US Farm Exports Surge - And Not Just Grains
But be wary of Betty Crocker cakes in Andes Mountains
ST. PAUL, MINN.
Just a few years after the United States won the cold-war contest for the world's hearts and minds, the nation's food industry is making inroads in another vital realm: the world's stomachs.
The value of US agricultural exports this fiscal year will surge to a record $60 billion, a 60 percent jump since 1991.
The robust trade is strengthening US diplomatic leverage over dependent countries. It also promises greater prosperity for the 20 million Americans whose livelihoods are tied to agriculture.
"We expect prices to remain strong and we expect exports to remain strong - the trend-line over time is definitely up," says Paul Drasick, adviser on international trade to the US secretary of agriculture.
Moreover, the US farm economy should offer Americans more and better jobs as goods like fruits, processed meats, and snacks continue to claim a higher proportion of total food exports. Value-added goods as a proportion of food exports should rise from 57 percent to 64 percent by the year 2005, says the US Department of Agriculture (USDA). Such value-added products generate more wealth than corn, wheat, and other bulk foodstuffs.
Food exports are a bright spot in the checkered tapestry of overall US trade. Amid an overall trade deficit, the surplus in farm trade will hit a record $29.5 billion this year, according to the USDA.
Several impediments still hamper US agricultural exports, including tariffs and different dietary tastes abroad. But many roadblocks are eroding. Indeed, analysts say the US should continue to lengthen its lead as the No. 1 agricultural exporter for several reasons:
*The decline of communism and central planning has opened many markets.
*The dollar is historically low compared with many currencies, making US products relatively cheap.
*Multilateral agreements have lowered trade barriers.
*The sluggish growth in the mature domestic market for foods is driving many companies to seek opportunities abroad.
*An expanding middle class worldwide, especially in booming East Asia, demands more protein and processed foods.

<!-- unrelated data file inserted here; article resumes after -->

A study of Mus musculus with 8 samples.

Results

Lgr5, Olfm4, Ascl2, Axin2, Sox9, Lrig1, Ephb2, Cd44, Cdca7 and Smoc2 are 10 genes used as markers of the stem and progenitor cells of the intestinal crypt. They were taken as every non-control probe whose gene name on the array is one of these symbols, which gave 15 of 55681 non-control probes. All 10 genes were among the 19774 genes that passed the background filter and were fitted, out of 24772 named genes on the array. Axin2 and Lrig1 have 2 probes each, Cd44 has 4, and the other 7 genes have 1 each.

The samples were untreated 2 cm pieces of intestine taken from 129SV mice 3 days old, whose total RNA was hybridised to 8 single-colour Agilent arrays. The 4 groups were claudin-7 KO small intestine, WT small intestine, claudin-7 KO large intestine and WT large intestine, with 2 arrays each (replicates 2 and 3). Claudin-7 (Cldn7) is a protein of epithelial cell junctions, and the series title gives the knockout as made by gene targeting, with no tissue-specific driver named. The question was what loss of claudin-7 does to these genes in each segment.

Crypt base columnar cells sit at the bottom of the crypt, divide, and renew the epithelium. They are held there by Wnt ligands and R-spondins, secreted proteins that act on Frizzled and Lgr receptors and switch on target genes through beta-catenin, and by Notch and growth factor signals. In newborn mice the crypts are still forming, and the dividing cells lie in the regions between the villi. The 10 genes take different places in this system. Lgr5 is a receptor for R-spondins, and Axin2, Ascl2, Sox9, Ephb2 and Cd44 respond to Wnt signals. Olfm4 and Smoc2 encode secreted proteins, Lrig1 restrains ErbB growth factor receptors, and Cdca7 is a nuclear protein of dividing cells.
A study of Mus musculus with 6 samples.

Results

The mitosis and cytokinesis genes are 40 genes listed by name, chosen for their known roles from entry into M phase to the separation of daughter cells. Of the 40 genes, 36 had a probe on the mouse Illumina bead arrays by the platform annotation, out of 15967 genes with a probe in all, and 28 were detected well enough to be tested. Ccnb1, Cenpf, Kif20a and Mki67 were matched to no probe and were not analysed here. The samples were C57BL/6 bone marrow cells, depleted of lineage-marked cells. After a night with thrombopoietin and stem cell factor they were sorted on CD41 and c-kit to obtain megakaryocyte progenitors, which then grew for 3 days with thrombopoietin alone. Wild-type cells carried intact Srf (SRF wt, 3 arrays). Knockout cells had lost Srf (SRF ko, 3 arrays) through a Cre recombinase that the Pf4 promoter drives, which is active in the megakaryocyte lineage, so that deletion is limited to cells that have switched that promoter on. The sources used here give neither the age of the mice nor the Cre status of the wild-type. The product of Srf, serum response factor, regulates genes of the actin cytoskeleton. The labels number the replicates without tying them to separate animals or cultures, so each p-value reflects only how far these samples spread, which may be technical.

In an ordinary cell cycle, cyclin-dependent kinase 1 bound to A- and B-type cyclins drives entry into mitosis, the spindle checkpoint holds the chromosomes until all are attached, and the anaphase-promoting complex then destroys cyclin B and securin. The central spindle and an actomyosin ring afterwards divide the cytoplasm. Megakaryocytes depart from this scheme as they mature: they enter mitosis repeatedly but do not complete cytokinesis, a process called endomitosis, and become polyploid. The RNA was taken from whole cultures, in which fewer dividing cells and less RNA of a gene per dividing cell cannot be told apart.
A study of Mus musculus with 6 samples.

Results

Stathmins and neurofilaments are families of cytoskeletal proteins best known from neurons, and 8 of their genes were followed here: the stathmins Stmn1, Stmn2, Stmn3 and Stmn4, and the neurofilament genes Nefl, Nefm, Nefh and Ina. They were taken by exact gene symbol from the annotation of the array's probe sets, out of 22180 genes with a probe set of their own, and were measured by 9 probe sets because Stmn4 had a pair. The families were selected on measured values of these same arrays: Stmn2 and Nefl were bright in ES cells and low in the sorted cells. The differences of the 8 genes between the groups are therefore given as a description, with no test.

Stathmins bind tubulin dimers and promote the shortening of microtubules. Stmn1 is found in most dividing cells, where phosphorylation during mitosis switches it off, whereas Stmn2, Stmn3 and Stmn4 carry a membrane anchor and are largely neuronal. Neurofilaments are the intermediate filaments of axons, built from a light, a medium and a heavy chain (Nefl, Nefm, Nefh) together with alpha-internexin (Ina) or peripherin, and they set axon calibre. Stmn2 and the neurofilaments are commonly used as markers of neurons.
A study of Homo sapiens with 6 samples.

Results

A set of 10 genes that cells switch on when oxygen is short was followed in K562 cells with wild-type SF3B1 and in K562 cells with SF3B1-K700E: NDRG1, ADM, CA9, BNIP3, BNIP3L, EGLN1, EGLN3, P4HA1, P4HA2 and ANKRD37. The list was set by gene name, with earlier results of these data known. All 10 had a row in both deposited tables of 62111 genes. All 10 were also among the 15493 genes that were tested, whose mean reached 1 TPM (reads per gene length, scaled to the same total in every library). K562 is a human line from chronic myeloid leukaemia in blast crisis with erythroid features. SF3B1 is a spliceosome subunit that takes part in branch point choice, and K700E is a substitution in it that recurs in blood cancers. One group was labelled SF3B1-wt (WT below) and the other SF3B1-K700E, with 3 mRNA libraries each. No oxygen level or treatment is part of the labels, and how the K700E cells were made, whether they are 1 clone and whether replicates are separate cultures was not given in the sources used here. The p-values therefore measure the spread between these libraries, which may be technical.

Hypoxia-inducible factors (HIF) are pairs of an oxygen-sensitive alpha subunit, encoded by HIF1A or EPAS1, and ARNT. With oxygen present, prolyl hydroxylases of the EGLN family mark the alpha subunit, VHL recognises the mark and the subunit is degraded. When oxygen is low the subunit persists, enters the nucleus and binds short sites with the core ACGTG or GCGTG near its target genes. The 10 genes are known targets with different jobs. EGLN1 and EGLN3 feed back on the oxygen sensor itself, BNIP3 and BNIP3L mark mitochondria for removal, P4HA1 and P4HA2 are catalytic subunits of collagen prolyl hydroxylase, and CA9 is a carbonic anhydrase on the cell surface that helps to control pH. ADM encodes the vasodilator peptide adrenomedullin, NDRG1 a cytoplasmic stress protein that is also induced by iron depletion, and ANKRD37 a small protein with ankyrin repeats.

*Poor harvests across the globe in recent years have plunged corn and wheat supplies to very low levels, jacking up grain prices and the payoff from exports.
*The US produces, transports, processes, and markets many farm goods more cheaply than other countries.
Banner trade should bolster US diplomatic heft, say analysts. Many countries that rely increasingly on US goods are in strategically vital areas. The value of exports to Asia will hit $27.6 billion this year, for example, for a surge since 1993 of 74 percent, according to the USDA.
Exports to Japan, South Korea, and Southeast Asia have especially ballooned this decade. China, which wrangles with Washington over missile exports, human rights, and other crucial issues, has also dramatically stepped up its imports of US grain and other food products.
Washington is unlikely anytime soon to flex its diplomatic power by withholding agricultural goods, as it did with a 1980 grain embargo after the Soviet Union invaded Afghanistan. But the awareness of a growing dependence on US agricultural products could encourage countries to align their actions more with US interests, say experts in agricultural trade.
"As trade increases, there is increased reliance on one another and in the future that will probably mean more trade disputes but fewer other type of disputes," Mr. Drasick at USDA predicts.
Perhaps no state has more aggressively seized on the potential profits from food exports than Minnesota, long a center for milling and other kinds of food processing.
"Minnesota has a huge opportunity in farm exports and it's an opportunity that can significantly advance the state's economic vitality for many years," says Jay Novak, commissioner of Minnesota's economic-development department.
From 1991 to 1995, the export value of commodities and processed foods from Minnesota rose 40 percent. The department plans to expand its office of farm-export promotion from two to seven people.
The recent jump in grain prices has cut badly into profit margins at the many Minnesota businesses involved in food processing, including giant Cargill Inc. But expansion overseas will more than make up for the short-term pinch, experts say.
Foreign markets "are a source of significant growth in the future for General Mills," says Ray Viault, vice chairman at General Mills Inc. in Golden Valley, Minn.
The company is making rapid progress in this line by broadening its outlook, he says. "You can't live solely in your home market and expect to be a major player in the world in the future."
Still, US companies in Minnesota and elsewhere rub up against stubborn foreign tariffs and other trade barriers.
In some nations, cultural barriers are especially aggravating. In Japan and other parts of Asia, Land O'Lakes, the dairy cooperative, confronts a traditional aversion to butter and other dairy products.
Even mountains have hindered General Mills. For example, the high-altitude cities of South America can provoke a rude reaction from its signature Betty Crocker treat. Says Mr. Viault: "When cake mixes not formulated to those atmospheric pressures are put into an oven, the cakes quite literally explode."